Making Smarter Agency Finance Decisions Part 5 – Reciprocity: The ties that bind

A05509Reciprocity: Noun; A mutual or cooperative interchange of favours or privileges

I’m guilty of using reciprocity here myself. I’ve written this blog (and planning on giving away a short book collating 10 ways to make smarter decisions) hoping to create a little reciprocity. If you’re reading and enjoying this maybe you’ll buy my book “Where is the Money?”. Maybe you’ll think your Agency could do with a FD who specialises in Marketing Services. That’s reciprocity.

It’s the principle a lot of organisations from drug dealers to charities work on: first give, then take. Maybe you’ll be immune to the principle of reciprocity and read the blog/book and move on. And that’s fine and how it should be

Reciprocity is a powerful survival tool. Share your bounty in the good times so that you are included in someone else’s successes in the future when you might not be so fortunate. It is common to every society and it is part of so many everyday transactions.

In business too, it is a powerful tool. Being aware of and using reciprocity should be inherent in our dealings with suppliers and clients. It’s the basis of good client service but when used strategically it can create ties that bind.

Suppliers will hope to create a feeling of reciprocity so that you feel obliged to use them. Whether it’s a free giveaway or a lunch it’s a well-worn tactic. Being aware of it and being ruthless about using the best value/cheapest supplier is undoubtedly the right choice but you will have to cut through any feelings of reciprocity that has been established. In the stricter regimes in the City even the muffin basket is turned away to avoid any possibility of reciprocity influencing behaviour.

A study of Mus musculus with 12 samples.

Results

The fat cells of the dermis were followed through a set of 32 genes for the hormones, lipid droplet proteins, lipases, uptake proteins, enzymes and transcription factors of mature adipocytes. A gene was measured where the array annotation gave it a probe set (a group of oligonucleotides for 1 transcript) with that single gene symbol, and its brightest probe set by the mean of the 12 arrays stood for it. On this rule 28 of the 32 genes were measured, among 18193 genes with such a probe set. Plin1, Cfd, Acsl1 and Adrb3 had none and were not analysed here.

This is why it is difficult to get the call when a client calls and says goodbye. You would not be human if you didn’t feel let down as they obviously don’t know how hard everyone had worked on the account. And that’s a hard truth to understand – working hard and producing good work isn’t enough to create reciprocity.

Only solving your client’s problems and becoming a trusted advisor rather than a supplier will help you establish reciprocity.

Case Study

I can’t quite believe this was 13 years ago but after 9/11 our biggest client, British Airways, faced catastrophe. No one was flying and they were looking around for every cost and cashflow saving they could make.

Looking back we took advantage of the bonds that reciprocity, during that difficult time, would create. We stepped up with drastic cost savings and a moratorium on cashflow. We shared their bad times so that when better times returned we were able to negotiate a far bigger share of the business. Every crisis creates an opportunity.

Now, not every negotiation or request for a discount is as dramatic as this was but it is always worth thinking whether sharing the pain will create an opportunity a little further down the line.

Conclusion

Meeting the brief and delivering on time will get you paid. Going above and beyond that will help establish reciprocity. Knowing when to go above and beyond is key in building long term relations. You might not get paid for it straight away but the long term relationships that reciprocity can build will pay dividends for years to come.